Bradley's Story

Bradley’s Story (reproduced from Teeside Live website, 27 Apr 2018)

 

 

 

 

 

 

 

 

 

 

 

 

23 year old Bradley Grimes had been in the care system since the age of seven. When he left care with no support, aged 17, he became homeless and ended up surviving by begging and sleeping rough. Between that time and the most recent incident, Bradley had been locked up in cells countless times for breaching Anti-social Behaviour Orders (ASBOs), that is, he was banned from bedding down for the night in shop doorways in Middlesborough. "I can't even sit on a public bench without being locked up. I have to keep moving. … I was in [prison] pretty much all weekend, near enough every weekend.”

 

As well as being autistic, Bradley also has an inoperable brain tumour “brought on by years of neglect”. He also suffers with epilepsy and a heart murmur. When he appeared in court in October 2017 for breaching a four-month suspended jail sentence, he pleaded with the judge to invoke his sentence and send him to prison so that at least he could be warm and fed on his birthday. Bradley felt that jail was a better option than staying outside and continually being arrested. On the outside, “it’s impossible for me to cope on my own, because I'm bad with things like budget and money.” When the judge commented, “I’m doing everything I can to help you. You’re not doing anything to help me”, Bradley opened his mouth to protest but was told by the judge to “Shut up”.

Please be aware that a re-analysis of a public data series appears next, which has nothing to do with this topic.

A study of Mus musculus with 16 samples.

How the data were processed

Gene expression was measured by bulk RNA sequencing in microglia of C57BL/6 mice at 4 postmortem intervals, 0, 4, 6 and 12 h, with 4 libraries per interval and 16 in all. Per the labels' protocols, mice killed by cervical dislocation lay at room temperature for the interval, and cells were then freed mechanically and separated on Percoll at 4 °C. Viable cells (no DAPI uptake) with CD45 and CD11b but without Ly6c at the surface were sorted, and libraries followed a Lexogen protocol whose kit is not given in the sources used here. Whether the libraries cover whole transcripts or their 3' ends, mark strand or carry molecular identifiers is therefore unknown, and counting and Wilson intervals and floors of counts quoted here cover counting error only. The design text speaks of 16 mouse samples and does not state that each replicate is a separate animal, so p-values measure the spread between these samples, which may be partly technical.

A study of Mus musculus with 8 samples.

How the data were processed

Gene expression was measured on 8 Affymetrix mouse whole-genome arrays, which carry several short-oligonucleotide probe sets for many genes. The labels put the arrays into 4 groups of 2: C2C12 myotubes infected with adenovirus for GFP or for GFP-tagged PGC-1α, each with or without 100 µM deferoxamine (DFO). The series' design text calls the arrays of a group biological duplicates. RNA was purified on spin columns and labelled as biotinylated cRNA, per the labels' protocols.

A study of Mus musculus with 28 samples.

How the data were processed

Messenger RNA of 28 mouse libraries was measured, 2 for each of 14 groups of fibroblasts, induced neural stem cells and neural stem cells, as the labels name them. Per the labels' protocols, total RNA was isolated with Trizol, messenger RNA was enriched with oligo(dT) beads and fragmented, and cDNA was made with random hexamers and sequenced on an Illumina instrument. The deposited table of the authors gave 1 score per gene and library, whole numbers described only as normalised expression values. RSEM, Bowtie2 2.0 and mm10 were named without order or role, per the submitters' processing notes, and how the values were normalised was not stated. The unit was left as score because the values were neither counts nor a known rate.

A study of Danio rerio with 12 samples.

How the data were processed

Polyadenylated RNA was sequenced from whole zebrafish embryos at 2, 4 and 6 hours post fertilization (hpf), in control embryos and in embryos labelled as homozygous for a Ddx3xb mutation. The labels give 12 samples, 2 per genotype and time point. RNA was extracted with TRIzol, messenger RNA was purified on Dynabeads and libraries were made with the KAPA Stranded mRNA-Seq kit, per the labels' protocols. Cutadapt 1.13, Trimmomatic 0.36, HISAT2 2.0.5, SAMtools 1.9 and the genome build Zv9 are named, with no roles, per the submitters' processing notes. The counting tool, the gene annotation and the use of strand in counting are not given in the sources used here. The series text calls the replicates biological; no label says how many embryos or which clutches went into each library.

Bradley was back in Court on 25th April 2018 and sentenced to a year in prison for repeatedly floating court orders and failing to turn up for hospital appointments to treat his slow-growing brain tumour. The judge commented, "That in my view should be enough for you to receive, hopefully as an outpatient, specialist cancer treatment. And it might help save your life." What this says about a society that has to lock up vulnerable people in prison to make sure they receive the medical treatment they need, should be alarming.

 

This research paper published in 2018 provides evidence that as many as 12% of homeless people were identified as austic. See here for a summarised discussion on the research.